Sunday, February 03, 2008

OMG! Like, IMers totally use 'like'!

So, a professor sent the department some sort of Discovery report about 'languages bursting forth', and in 'related articles', I noticed this:
http://dsc.discovery.com/news/2008/01/22/im-language.html

I'll see if I can find the actual research this story's about, but for the time being, it looks pretty basic (and more or less unsurprising.)
So, who wants their corpus? I know I do!

Comments:
Wow, I had no idea that Bambi Schieffelin was working on CMC. I'd be interested definitely to read the full article, because the way they've framed it here is (once again) as "writing is this way" and "speaking is this way" and "IM is somewhere in between," the idea of which has been around for a while and I no longer find particularly compelling. I feel like instead of keeping talking about what writing IS and what speaking IS and how CMC seems like a little of BOTH, we really need to take this opportunity to problematize what we have in the past considered "writing" - e.g., to say that CMC is "more like" speech than it is like FORMAL writing is not to say very much, IMO. What is *awesome* about this study is the longitudinalness and that they could find actual patterns over time - I'll look forward to learning about that for sure. The point about "be like" being more of an evidential than "say" or "think" is also interesting.
 
Schieffelin, B. 2008. Enquoting voices, accomplishing talk: Uses of be + like in Istant Messaging. Language & Communication. (with G. Jones).

This is the ref on her website. No mention of a volume number--not sure if it's out yet?
 
I have to say, I agree with Lauren. When I read this, my first thought was "haven't we established this already?" It nice to see another *feature* of text-based conversation (be+like) and get the longitudinal data, but the conclusion is not new. Maybe this is inevitable when language scholars study cmc for the first time?
 
Tagliamonte and Hudson (1999) did a nice study of "be like" comparing face-to-face use by youth in England and Canada and found that differences could be attributed, amoung other things, to narrative style. They also found that the use of "be like" was increasing over time. As lauren and kris have said, it's not clear exactly how this study (at least as it's reported by the discovery channel :| builds on the tagliamonte work except that it shows "be like" being used in a cmc context. It's interesting that they don't report whether the face to face usage increased from 2003-2006:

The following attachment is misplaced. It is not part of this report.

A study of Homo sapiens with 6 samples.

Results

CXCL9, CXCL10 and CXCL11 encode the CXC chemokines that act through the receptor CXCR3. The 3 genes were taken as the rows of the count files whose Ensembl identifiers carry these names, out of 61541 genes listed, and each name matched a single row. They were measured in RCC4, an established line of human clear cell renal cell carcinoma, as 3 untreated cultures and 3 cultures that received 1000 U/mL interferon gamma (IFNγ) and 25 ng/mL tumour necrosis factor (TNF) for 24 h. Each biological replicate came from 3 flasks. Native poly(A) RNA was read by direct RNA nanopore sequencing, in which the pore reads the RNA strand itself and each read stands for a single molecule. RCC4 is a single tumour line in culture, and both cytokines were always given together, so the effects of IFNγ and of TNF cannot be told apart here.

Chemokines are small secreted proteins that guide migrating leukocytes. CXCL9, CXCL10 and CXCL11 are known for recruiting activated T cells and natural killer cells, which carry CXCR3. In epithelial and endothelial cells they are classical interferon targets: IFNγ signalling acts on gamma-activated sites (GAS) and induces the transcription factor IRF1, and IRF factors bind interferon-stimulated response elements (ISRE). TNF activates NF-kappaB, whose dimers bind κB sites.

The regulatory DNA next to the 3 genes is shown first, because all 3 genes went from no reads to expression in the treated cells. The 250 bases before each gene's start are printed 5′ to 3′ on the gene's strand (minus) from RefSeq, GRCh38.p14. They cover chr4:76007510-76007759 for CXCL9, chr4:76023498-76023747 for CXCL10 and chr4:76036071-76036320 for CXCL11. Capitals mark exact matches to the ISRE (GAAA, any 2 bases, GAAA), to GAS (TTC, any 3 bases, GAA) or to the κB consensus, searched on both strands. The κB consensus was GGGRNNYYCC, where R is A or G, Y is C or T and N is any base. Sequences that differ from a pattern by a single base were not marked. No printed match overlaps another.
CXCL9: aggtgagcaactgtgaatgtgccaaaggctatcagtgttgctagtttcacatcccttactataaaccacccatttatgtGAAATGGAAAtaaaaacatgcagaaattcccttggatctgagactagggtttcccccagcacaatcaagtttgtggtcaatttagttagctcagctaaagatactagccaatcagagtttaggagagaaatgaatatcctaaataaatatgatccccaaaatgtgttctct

"In 2003, speakers used it 75 percent of the time while communicating face-to-face but only 6 percent of the time in IM's. By 2006, usage in IM's had jumped to 50 percent, and is believed to still be increasing."

If it increased porportionally in face-to-face speech, then it seems that the use quotative like is simply increasing as a linguistic resource across the board. In other words, when people adopt a modern storytelling narrative style (a la the tagliamonte paper) they increasingly prefer quotative like to the other options (say, think, etc.). So it might not be the case that the cmc context has anything to do with the increase, but rather there might be a more global trend towards a prefernce for quotative like in this particular narrative style.

It will be interesting to see if the authors coded for narrative style. I'm looking forward to reading the paper.

And the tagliamonte paper is a nice read:

Talgliamonte, S. and Hudson, R. (1999). Be like et al. beyond America: The quotative system in British and Canadian youth. Journal of Sociolinguistics,3(2): 147-172.

There are also a number of articles in American Speech going back to about 1990 that discuss the stylistic and narrative functions of quotative like as well as the syntactic distributions.
 
Good discussion, guys. I'm glad people are still somewhat active on this blog.
 
oh, we're active, just not during the fall semester. for me it has to do with the anticipation of the gallons of egg nog that i begin to mentally prepare myself to consume. i'm pretty sure that's squires excuse as well.
 
Egg nog? What? *laughs aloud*

Hmm, that's pretty long to type. I wish there was, like, some sort of acronym or something I could use. Then I could be all like 'LA' or whatever when I wanted to make it clear to others that I was laughing?
 
)So, who wants their corpus? I know I do!